The headlines from the Aug. 17, 1942, issue are a reminder that World War II was still undecided. One read: “Nazi Caucasus Drive Threatens Palestine.” In 1942, North Africa was a major battlefield and the area changed hands several times between British and German armies. The threat of Nazis moving down through the Caucasus and through what are now Syria, Lebanon and Israel into Egypt was a dire one.

There was also a sub-headline — like most issues of the JN in 1942 — citing a crisis for Jews in Europe. This time, the subject was the desperation of Jews in France.

Two very interesting stories about Jews were found in the inner pages of this issue. One was part of the series the JN had published over the summer about the history of Jews in America. This last entry was about the history of the Jewish community in Detroit.

Also related to Michigan was a story about Bennie Friedman. A native of Cleveland, Friedman was one of the best-known football players of the era. He was an All-American at the University of Michigan who played just about every position, but was most famous for his passing game skills. Friedman then spent eight seasons in the National Football League, where he changed the nature of the game through his throwing of the football.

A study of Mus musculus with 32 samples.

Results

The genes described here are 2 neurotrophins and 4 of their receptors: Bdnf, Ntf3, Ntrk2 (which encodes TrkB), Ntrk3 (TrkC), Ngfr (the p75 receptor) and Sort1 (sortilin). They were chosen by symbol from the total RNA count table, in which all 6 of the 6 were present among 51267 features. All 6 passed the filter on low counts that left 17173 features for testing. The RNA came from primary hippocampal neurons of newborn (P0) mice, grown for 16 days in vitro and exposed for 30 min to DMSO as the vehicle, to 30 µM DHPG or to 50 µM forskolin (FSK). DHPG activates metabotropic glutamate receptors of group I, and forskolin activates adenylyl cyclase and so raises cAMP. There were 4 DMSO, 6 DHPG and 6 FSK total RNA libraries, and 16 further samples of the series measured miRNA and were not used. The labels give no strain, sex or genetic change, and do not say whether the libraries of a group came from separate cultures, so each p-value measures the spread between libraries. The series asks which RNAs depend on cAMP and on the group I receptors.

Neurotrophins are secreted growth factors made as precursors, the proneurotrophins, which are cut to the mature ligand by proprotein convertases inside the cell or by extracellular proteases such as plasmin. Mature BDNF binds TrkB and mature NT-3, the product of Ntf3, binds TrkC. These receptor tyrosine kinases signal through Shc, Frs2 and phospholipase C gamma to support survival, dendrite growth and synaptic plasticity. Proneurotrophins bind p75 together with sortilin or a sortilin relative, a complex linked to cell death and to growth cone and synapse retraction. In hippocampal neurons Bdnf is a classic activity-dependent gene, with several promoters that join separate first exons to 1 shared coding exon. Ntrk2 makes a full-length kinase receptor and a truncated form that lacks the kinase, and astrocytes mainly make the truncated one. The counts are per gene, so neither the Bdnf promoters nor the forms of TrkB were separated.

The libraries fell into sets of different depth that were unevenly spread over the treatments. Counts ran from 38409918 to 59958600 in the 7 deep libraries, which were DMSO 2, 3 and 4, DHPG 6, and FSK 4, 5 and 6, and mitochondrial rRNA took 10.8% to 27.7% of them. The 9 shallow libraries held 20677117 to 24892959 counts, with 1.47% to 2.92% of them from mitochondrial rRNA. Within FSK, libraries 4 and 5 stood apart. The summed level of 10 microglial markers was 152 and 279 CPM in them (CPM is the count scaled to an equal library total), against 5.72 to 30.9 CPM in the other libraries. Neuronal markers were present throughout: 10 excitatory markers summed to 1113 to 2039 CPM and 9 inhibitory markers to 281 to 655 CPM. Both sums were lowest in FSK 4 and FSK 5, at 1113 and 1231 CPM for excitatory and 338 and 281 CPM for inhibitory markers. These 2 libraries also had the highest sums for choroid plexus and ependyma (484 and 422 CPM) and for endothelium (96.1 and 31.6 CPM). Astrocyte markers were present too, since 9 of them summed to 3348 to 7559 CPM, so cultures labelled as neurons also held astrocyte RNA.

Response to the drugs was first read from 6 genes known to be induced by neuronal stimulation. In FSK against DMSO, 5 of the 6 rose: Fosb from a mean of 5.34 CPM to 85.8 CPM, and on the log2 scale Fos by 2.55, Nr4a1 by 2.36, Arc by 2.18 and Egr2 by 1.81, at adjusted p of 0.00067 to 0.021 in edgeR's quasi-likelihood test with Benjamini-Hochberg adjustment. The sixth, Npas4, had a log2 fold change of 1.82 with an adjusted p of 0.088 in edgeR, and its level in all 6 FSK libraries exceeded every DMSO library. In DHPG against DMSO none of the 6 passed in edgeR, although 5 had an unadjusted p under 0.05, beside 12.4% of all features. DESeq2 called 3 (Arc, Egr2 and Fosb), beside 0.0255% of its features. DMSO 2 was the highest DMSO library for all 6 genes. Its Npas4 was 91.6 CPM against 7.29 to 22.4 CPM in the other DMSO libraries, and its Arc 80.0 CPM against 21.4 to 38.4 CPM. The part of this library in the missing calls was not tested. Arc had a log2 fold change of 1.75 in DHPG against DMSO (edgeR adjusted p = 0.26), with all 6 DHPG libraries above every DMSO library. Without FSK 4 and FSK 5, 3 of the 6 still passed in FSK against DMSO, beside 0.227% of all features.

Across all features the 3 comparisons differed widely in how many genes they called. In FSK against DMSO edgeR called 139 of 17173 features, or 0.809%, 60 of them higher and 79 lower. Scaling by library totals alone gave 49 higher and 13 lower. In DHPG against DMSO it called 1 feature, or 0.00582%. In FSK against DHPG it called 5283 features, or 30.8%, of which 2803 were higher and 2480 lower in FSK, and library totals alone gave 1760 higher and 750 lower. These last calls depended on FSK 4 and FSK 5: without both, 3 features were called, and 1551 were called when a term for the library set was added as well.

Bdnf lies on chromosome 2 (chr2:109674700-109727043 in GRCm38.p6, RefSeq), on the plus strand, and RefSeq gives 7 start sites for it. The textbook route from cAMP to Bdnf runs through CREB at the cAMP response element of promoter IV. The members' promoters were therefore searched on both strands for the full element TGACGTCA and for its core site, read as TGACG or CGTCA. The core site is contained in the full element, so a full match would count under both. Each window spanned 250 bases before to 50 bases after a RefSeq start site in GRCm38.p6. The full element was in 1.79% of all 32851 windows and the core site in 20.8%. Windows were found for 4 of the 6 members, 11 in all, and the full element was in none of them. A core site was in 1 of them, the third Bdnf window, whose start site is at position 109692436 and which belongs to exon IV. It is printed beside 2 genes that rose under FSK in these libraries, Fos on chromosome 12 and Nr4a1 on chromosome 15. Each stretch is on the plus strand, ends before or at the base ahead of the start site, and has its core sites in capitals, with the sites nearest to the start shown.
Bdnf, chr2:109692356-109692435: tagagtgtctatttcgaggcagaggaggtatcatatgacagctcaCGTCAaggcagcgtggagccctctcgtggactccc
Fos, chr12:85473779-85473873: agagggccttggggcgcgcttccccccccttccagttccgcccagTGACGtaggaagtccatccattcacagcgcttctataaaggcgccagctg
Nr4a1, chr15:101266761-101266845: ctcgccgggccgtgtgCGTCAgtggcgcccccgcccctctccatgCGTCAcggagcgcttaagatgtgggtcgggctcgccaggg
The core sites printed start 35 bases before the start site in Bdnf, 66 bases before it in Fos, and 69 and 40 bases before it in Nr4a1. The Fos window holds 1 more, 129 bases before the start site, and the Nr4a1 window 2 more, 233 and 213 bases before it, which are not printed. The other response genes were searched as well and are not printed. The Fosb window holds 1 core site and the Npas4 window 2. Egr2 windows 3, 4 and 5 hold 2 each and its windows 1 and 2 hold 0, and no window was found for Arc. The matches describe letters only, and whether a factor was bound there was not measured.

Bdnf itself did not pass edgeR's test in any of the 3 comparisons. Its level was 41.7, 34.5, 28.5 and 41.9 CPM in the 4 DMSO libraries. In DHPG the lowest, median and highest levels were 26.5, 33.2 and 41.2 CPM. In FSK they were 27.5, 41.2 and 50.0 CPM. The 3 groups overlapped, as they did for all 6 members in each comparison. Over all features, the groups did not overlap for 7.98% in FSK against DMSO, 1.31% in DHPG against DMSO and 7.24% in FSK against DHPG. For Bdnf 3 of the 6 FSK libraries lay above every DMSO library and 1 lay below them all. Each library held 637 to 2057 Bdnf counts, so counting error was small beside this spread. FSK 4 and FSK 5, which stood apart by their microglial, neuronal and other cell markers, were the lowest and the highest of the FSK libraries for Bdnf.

At the outbreak of World War II, he was the football coach at the College of the City of New York. Although the article had nothing to do with football, it was big news: Benny Friedman had joined the Navy. He went on to serve as a deck officer on the aircraft carrier Shangri-La in the Pacific Theatre of the war. Another example of “Jewish Boys in the War.”